TechWhirl Tech Writer Recap for January 6, 2012

This week’s update is supported by Platinum sponsor Madcap & their Ultimate Communications Suite, MadPak | http://goo.gl/eO3ls

From the Desk of the Editor

Two things seem to be de rigueur in professional communications of all types when the New Year rolls around: predictions & trend spotting, and lots of refreshers on the mechanics of writing and editing.

TechWhirl’s trend analysis for 2012 appeared this week, and we’ll devote the month of January to getting “Back to Basics.”  My crystal ball doesn’t incorporate bleeding edge technology, and those tarot cards are probably ready for a serious revision cycle, but I’ve taken some time to read and research the TechWhirl discussion list, tech comm forums, top tech comm bloggers, vendor sites, and some trends are worth noting so take a look at Trends for Technical Communicators to Watch in 2012 and give us some feedback on how you see these trends or the ones you think we’ve missed.

We’ve started our month of back-to-basics with a classic piece on gender-neutral writing by the great Jean Hollis Weber. Throughout the month we’ll look at more on writing and editing, but also look at some other basics we tend to let slide, like figuring out what kind and how much documentation our products really need.  I encourage you to let us know if you think there’s an idea worth covering in this area, or anything else related to technical communications. We’re always open to new article ideas. While submitting an idea doesn’t necessarily mean you’re signing up to write it, you are welcome to become part of the Special Writers Unit.

Finally, TechWhirl congratulates the Top Ten Most Influential Bloggers in technical communications as cited by MindTouch, including Techwhirlers Anne Gentle, Bill Swallow, Char James-Tanny, and David Farbey. They along with Tom Johnson (I’d Rather Be Writing), Sarah O’Keefe (Scriptorium), RJ Jacquez, the STC, and Alan Houser contribute a great deal to the technical communications field, and we certainly couldn’t do what we do without any of them. (By the way TechWhirl’s Tech Writer Today made the top 10 Most Emergent—we are humbled)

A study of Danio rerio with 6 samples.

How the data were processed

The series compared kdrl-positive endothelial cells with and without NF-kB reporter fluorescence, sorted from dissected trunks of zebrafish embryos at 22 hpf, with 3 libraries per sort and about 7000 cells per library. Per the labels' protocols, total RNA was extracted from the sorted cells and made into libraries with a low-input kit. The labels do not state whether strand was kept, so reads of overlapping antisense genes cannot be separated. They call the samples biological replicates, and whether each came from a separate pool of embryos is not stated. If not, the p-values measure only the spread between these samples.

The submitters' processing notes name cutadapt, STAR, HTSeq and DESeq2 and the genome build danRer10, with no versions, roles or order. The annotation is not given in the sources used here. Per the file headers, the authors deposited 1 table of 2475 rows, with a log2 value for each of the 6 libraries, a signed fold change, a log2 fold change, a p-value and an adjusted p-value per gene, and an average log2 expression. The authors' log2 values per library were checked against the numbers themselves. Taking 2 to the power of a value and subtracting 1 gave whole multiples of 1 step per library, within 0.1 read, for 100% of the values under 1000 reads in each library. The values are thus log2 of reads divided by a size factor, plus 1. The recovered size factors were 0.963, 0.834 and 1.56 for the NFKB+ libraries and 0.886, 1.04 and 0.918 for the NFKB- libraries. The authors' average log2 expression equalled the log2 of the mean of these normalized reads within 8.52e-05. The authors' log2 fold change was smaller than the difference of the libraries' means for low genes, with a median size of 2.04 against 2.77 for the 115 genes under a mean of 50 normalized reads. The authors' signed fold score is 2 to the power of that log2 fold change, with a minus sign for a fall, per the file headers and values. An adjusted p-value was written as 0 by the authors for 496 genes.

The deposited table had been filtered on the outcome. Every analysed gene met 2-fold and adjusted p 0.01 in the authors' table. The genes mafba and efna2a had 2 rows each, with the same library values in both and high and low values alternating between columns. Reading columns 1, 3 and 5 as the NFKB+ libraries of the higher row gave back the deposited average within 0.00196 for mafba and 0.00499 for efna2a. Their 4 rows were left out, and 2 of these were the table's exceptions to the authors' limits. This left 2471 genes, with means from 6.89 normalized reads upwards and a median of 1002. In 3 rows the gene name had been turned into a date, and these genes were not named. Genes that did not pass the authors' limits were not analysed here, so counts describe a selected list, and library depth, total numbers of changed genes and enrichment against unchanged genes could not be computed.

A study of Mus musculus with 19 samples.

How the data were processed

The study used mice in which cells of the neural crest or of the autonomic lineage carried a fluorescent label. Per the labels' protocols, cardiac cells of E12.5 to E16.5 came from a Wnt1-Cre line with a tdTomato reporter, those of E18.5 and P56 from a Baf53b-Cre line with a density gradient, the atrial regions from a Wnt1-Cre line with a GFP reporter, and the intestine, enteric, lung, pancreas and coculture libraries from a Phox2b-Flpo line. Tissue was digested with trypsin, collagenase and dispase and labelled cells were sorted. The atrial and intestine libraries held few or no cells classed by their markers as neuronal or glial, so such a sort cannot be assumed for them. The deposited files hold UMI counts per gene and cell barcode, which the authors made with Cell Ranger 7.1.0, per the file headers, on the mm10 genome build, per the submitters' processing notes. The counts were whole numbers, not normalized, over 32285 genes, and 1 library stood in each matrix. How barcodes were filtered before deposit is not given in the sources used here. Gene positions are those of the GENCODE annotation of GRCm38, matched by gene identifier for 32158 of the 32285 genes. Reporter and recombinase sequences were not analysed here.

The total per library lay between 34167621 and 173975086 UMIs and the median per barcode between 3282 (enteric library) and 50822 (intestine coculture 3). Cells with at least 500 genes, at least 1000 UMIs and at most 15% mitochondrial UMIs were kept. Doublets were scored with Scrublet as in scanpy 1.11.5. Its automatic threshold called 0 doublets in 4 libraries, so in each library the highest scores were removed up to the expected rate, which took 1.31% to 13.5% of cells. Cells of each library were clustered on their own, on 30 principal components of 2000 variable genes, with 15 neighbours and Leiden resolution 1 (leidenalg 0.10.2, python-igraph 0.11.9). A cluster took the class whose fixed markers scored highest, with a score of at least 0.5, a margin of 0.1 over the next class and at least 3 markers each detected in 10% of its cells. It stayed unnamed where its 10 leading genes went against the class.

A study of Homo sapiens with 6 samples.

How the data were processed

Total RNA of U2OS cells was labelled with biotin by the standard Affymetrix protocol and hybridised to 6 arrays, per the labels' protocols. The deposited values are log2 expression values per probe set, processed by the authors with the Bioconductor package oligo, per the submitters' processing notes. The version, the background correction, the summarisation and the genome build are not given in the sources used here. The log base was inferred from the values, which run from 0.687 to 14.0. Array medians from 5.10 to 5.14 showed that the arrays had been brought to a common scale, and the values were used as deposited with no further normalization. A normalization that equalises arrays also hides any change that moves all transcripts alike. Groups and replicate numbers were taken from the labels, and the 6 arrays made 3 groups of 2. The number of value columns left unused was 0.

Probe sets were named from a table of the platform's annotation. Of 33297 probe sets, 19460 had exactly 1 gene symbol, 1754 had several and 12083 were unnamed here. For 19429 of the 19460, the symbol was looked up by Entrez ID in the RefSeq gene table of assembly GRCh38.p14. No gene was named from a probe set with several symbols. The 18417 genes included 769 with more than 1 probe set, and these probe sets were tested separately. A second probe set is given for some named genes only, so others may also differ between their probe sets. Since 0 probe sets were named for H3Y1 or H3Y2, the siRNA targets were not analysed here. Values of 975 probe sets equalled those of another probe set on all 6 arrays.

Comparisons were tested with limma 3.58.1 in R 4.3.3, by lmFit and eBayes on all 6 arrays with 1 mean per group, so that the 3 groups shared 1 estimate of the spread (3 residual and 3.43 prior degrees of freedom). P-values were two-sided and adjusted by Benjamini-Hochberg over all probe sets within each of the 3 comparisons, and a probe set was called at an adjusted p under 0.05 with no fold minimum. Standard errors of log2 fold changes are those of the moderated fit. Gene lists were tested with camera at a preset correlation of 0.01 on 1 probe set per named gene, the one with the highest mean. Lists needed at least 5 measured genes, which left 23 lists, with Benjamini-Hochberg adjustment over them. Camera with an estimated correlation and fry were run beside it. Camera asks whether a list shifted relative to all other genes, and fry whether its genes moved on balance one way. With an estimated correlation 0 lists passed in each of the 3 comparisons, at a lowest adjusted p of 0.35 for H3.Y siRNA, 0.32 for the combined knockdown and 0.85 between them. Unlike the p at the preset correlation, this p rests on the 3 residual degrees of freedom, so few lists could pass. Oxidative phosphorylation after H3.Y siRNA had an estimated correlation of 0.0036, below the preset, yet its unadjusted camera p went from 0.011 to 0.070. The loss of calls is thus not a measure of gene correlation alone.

– The gang at TechWhirl

 

In Case You Missed it: This Week  @ TechWhirl

New on http://TechWhirl.com:

Tech Comm News:

What You’re Talking About

A quick What you talkin’ ‘bout to our Tech Writers and their discussions in our email discussion group:

  • CJ Daly needs to explain to the boss the tech comm responsibilities that go beyond writing documentation, and asked the list for descriptions of “interface editing.” Since the task references reviewing and recommending edits to the user interface, most responders suggested terms along the GUI editing and review front, including one that suggested “interface editing” is a perfectly acceptable description.
  • Lots of discussion ensued (pardon the pun) when Robert Lauriston brought up the issue of “updating copyright notice date ranges.” According to our Doug Isenberg article on Updating Copyright Notices, US copyright law does not directly address the question of date ranges, and it can be extremely confusing to know when to call out years specifically, and when to use a range.  Not surprisingly, the most practical advice is to check with an intellectual property attorney.
  • Sion Lane is “Disagreeing with house styles,” and looking for advice from Whirlers on handling that fingernails-on-a-blackboard feeling when reviewing documents that follow disagreeable style choices.  This recurring discussion brings up points about consistent use of styles, waiting until after proving yourself with the new employer, and how widely accepted references regard the terms in question.  And we’re reminded that the latest edition of Microsoft Manual of Style is due to be released shortly.  Stay tuned for more discussions!